The credit rating of trading card giant Topps Co. has been pushed deeper into junk bond territory as last week’s loss of Major League Baseball’s license for cards continues to have ramifications.
Credit ratings agency Moody’s Investor Service downgraded Topps one notch to B2, about midway on its scale of non-investment grade debt. The company also has a negative outlook from Moody’s as “the prospective loss of the company’s flagship baseball license agreements will significantly and negatively affect revenue and earnings,” the agency wrote in a note. Moody’s also cited the canceled merger with Mudrick II SPAC with its planned debt refinancing as adding to Topps’ risk.
It’s another blow for Topps, since lower credit ratings mean increased expenses for future financing. In the space of a week Topps has gone from announcing surging second quarter earnings and coasting to closing a merger with Mudrick II to having its flagship MLB baseball-card product swiped away, its going-public plan scuttled and its financial rating dinged.
Topps didn’t reply to requests for comment.
Last week, Sportico reported Fanatics signed MLB and the players association to long-term deals, ending an association between Topps and top-level baseball that began in 1951. Topps part-owner Michael Eisner was set to lock in a $600 million payday in cash and stock on the deal while Chicago private equity firm Madison Dearborn was cashing out with $521 million. A spokesperson for Topps was unavailable to comment on today’s rating. Mudrick and Topps canceled the merger after news of the MLB-Fanatics deal, and on Friday Topps issued a statement saying MLB and the players union never indicated they were negotiating with anybody else and didn’t give Topps a chance to offer counterproposals.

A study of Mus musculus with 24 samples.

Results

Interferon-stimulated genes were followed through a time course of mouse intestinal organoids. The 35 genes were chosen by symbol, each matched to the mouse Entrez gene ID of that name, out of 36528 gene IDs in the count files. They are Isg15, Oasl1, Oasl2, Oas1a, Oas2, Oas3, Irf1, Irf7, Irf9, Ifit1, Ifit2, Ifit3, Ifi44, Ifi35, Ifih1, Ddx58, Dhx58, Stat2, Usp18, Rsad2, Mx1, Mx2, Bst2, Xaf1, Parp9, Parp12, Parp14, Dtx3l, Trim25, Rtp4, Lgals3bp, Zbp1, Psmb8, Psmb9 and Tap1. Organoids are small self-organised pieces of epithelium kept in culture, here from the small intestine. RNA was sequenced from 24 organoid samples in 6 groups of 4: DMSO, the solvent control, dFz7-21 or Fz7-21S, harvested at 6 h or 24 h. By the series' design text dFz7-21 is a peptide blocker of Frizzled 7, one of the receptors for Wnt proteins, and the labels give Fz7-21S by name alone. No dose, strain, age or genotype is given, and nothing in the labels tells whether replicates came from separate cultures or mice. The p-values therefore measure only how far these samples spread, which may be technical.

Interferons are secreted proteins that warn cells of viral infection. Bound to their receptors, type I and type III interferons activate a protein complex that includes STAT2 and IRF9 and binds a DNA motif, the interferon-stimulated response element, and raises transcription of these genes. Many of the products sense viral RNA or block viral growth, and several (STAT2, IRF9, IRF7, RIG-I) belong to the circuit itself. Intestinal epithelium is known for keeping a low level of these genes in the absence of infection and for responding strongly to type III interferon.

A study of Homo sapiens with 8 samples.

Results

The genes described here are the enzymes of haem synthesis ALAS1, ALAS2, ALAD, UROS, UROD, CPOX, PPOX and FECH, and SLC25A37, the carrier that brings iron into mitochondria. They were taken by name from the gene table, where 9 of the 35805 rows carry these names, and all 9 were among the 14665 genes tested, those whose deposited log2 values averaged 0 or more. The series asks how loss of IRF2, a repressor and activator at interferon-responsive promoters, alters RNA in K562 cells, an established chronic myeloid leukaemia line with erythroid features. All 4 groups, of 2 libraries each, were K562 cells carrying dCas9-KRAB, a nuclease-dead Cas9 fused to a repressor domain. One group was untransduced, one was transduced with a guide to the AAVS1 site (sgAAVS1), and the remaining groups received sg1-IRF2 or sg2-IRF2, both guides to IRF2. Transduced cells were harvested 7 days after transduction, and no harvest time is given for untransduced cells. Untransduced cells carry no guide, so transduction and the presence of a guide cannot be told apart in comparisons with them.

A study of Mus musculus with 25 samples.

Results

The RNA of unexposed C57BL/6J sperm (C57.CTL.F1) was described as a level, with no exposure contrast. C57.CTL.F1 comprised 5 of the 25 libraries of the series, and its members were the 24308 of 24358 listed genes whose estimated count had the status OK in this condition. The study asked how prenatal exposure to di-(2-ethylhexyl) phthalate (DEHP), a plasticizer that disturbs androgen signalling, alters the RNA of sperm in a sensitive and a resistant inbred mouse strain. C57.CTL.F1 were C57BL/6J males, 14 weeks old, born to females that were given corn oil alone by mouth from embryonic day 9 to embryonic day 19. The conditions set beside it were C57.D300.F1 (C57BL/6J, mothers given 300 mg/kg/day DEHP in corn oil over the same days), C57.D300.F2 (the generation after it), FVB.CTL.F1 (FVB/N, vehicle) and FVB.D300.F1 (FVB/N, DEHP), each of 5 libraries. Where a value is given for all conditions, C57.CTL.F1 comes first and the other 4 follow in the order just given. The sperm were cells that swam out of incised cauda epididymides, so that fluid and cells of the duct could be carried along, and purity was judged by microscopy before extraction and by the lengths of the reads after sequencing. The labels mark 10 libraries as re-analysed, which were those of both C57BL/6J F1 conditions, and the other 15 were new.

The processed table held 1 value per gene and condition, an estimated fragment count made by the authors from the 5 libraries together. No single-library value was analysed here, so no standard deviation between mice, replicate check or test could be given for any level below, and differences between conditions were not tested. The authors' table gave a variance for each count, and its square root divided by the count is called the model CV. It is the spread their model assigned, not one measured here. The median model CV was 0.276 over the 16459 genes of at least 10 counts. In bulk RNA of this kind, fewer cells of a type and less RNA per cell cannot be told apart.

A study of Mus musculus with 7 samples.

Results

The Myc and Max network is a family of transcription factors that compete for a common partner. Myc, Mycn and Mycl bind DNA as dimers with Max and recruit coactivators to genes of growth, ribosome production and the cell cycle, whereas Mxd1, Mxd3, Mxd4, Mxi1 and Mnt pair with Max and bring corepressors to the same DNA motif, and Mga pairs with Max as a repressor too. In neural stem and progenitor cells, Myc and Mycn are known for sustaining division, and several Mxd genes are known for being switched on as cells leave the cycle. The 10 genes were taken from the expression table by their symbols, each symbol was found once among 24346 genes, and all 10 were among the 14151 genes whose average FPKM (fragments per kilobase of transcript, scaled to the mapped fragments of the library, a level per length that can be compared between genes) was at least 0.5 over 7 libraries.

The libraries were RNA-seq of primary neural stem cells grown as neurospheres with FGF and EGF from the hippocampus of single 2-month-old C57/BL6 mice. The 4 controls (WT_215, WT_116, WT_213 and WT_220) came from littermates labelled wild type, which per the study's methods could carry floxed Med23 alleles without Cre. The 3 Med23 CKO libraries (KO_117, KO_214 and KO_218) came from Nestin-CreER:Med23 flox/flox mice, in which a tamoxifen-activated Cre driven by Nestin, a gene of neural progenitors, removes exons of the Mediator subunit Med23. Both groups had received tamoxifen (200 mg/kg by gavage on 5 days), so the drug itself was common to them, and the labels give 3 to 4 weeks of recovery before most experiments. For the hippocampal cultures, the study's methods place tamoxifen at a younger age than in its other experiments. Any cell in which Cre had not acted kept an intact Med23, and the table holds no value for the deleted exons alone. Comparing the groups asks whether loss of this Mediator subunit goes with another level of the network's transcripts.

Topps has $197 million in debt due to be paid off in October 2022 as well as $30 million in revolving credit line due in April next year, according to Moody’s. The October debt had been planned to be refinanced after going public. Shareholders had been expected to approve the transaction in a vote scheduled for yesterday. Topps’ licensing deal with the MLBPA ends in 2022, while its deal with MLB ends in 2025. Topps should be able to produce its normal run of baseball player cards through the MLB deal.
“The prospective loss of the baseball licensing contracts represents a significant weakening of the company’s market position amid increased competition in a shifting trading card business,” Moody’s stated. “Moody’s believes the abrupt contract losses will weaken the Topps brand and create challenges to overcoming the lost revenue and restoring the market position.”
At the moment, Topps sales are booming. Early last week the business disclosed that second quarter sales surged 78% and that it should generate as much as $850 million in sales for 2021. Moody’s said the strong results mitigate the risk to Topps somewhat, as well as $190 million of cash on hand. The ratings agency noted, however, that a portion of the cash on hand is tied to Topps’ swiftly growing gift cards line, so “the company would need to significantly increase cash on hand over the next 12 months to repay the term loan with internal resources.”
Moody’s had upgraded Topps two levels in June, from B3 to B1, based on the Mudrick II merger. Moody’s rates corporate debt on a scale of 21 levels, starting at Aaa, the most secure, and ending at C, the riskiest. Ratings of Ba1 and lower are commonly called “junk” by investors due to their perceived riskiness.